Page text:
5 Nutrients to Pay Attention to for a High-Performance Vegetarian Diet

When you look at Kyrie Irving, Serena Williams, Tom Brady, and the many other athletes who are vegetarian today, it's clear you can eat mostly plants and still perform at a very high level. But those athletes have something that makes this way easier for them: 24/7 access to a sports dietitian who makes sure they are getting all the nutrients they need and chefs to cook and prepare the meals for them. Fortunately, you can still perform at a very high level on a vegetarian diet without a personal nutritionist scoping out every meal and a chef preparing all your food.

We’ll leverage scientific data to shed light on what nutrients non-pro athletes need to be on top of their game. If you follow a vegetarian diet, be mindful of these five nutrients.

Protein

Training causes our muscles to break down. Protein is key to help them repair and rebuild so that we show up to our next workout or competition strong and ready to give it our all. Additionally, protein helps us feel fuller longer and may even reduce snacking on high-fat, high-sugar foods. It's a fallacy that vegetarians can't get enough protein. Beans, lentils, dairy, eggs, nuts, seeds, and whole grains all provide fair amounts of protein per calorie. Aim for 30 grams of protein at every meal. This amount is shown to maximally stimulate protein synthesis, which is science talk for muscle building and repair. Protein shakes will make your life a lot easier when it comes to getting adequate protein right after exercise or if you need a little boost at any given meal to hit that 30-gram mark.

Creatine

Our bodies naturally produce a small amount of creatine every day and store it in our muscles where it's used to produce energy to fuel workouts and everyday life. Since meat is the main dietary source of creatine, vegetarians often have lower creatine stores. Consuming extra creatine to offset this may not only help plant-based eaters build muscle and increase strength, but it may also boost brain function. In two studies, taking a creatine supplement improved memory and intelligence test scores in vegetarians. Take 5 grams of creatine monohydrate daily.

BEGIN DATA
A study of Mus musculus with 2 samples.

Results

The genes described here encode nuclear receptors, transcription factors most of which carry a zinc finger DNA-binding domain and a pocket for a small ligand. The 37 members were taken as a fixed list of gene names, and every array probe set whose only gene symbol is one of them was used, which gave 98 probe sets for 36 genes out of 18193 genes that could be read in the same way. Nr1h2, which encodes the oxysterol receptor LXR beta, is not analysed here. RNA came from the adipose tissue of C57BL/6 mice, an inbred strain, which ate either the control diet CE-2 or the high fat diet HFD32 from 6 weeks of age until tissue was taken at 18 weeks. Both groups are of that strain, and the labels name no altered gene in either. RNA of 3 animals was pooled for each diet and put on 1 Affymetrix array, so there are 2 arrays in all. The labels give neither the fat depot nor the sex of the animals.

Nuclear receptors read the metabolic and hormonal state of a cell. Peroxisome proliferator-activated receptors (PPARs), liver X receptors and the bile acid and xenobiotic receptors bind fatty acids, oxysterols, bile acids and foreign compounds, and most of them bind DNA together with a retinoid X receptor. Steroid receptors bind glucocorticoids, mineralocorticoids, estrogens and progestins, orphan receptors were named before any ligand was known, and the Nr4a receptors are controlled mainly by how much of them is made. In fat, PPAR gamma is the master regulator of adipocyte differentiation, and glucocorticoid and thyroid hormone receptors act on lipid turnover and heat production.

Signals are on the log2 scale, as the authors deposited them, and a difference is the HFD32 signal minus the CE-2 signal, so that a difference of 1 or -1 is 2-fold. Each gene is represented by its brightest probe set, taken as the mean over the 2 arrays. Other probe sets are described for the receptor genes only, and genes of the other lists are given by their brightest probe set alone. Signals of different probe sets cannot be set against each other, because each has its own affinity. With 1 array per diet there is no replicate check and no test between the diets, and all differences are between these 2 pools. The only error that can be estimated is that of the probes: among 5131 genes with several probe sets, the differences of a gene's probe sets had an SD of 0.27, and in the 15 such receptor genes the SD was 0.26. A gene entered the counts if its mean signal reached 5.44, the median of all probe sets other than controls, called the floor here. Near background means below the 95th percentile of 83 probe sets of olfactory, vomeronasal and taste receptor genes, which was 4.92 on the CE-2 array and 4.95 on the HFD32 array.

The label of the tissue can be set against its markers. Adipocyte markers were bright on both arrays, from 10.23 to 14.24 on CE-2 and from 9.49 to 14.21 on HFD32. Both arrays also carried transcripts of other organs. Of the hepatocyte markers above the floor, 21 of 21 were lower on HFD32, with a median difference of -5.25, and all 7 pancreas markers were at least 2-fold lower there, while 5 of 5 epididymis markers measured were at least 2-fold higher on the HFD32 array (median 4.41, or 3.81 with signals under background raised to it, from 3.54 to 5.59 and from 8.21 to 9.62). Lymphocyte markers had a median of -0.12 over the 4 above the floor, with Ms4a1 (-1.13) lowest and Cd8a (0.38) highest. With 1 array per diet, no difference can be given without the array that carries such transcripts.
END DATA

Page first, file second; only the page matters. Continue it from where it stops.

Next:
Zinc

This mineral is kind of a jack-of-all-trades and plays a role in numerous bodily functions, including protein synthesis, cellular metabolism, and immune function. Unfortunately, plant-based sources of zinc are less bioavailable than meat sources, in part because many plant sources of zinc contain phytates. Phytates can inhibit the absorption of zinc. Because of this, vegetarians may require up to 50 percent more daily zinc than non-vegetarians, or 16.5 milligrams for men and 12 milligrams for women. To help break down the phytates and boost zinc absorption, consider soaking and sprouting sources of zinc such as beans, legumes, seeds, and whole grains. You can also take a zinc supplement (see my other article on chelated mineral supplements).

Vitamin B12

This one can be especially tough for people following a vegan diet. B12 is vital for forming red blood cells, maintaining a healthy nervous system, and metabolizing fat and protein. And, it is exclusively found in animal sources. Although the liver stores enough B12 to last you a few years, if you've been eating strictly vegan for several years, you may be deficient. Taking a supplement and consuming sources such as nutritional yeast and fortified cereals can help. Eggs and dairy are other sources, for those who consume them.

Long-chain Omega-3 Fats

Omega-3 fatty acids get a lot of attention for supporting heart health, keeping your brain in prime

condition, and reducing inflammation. But there are different types of omega 3s. EPA and DHA are long-chain omega-3 fats that are found in fish and fish oil supplements; ALA is a short-chain omega-3 fat found in plant sources like walnuts, chia seeds, and flax seeds. Long and short-chain omega-3s act differently in our bodies; the long-chain ones are responsible for all the benefits you hear about omega-3s.

Unfortunately, our bodies aren’t very effective at converting ALA to EPA or DHA. That’s not a reason to avoid nuts and seeds, just don’t rely solely on them for omega-3 intake. For plant-based long-chain omega-3s, consider an algae-based supplement. Green algae are rich in DHA, which your body can easily convert to EPA as needed.
Michael Roussell, PHD

Michael Roussell, PHD

Author, Speaker, and Nutritional Consultant - https://mikeroussell.com/

Dr. Mike Roussell is known for transforming complex nutritional concepts into practical nutritional habits that his clients can use to ensure permanent weight loss and long-lasting health. Mike holds a bachelor’s degree in biochemistry from Hobart College and a doctorate in nutrition from Pennsylvania State University. He now serves on the Advisory Board for Men’s Health Magazine. In addition, having published over 500 articles on health and nutrition and appearing in over 150 TV segments as a nutrition expert, he has authored and/or served as the consulting nutritionist for 10 books.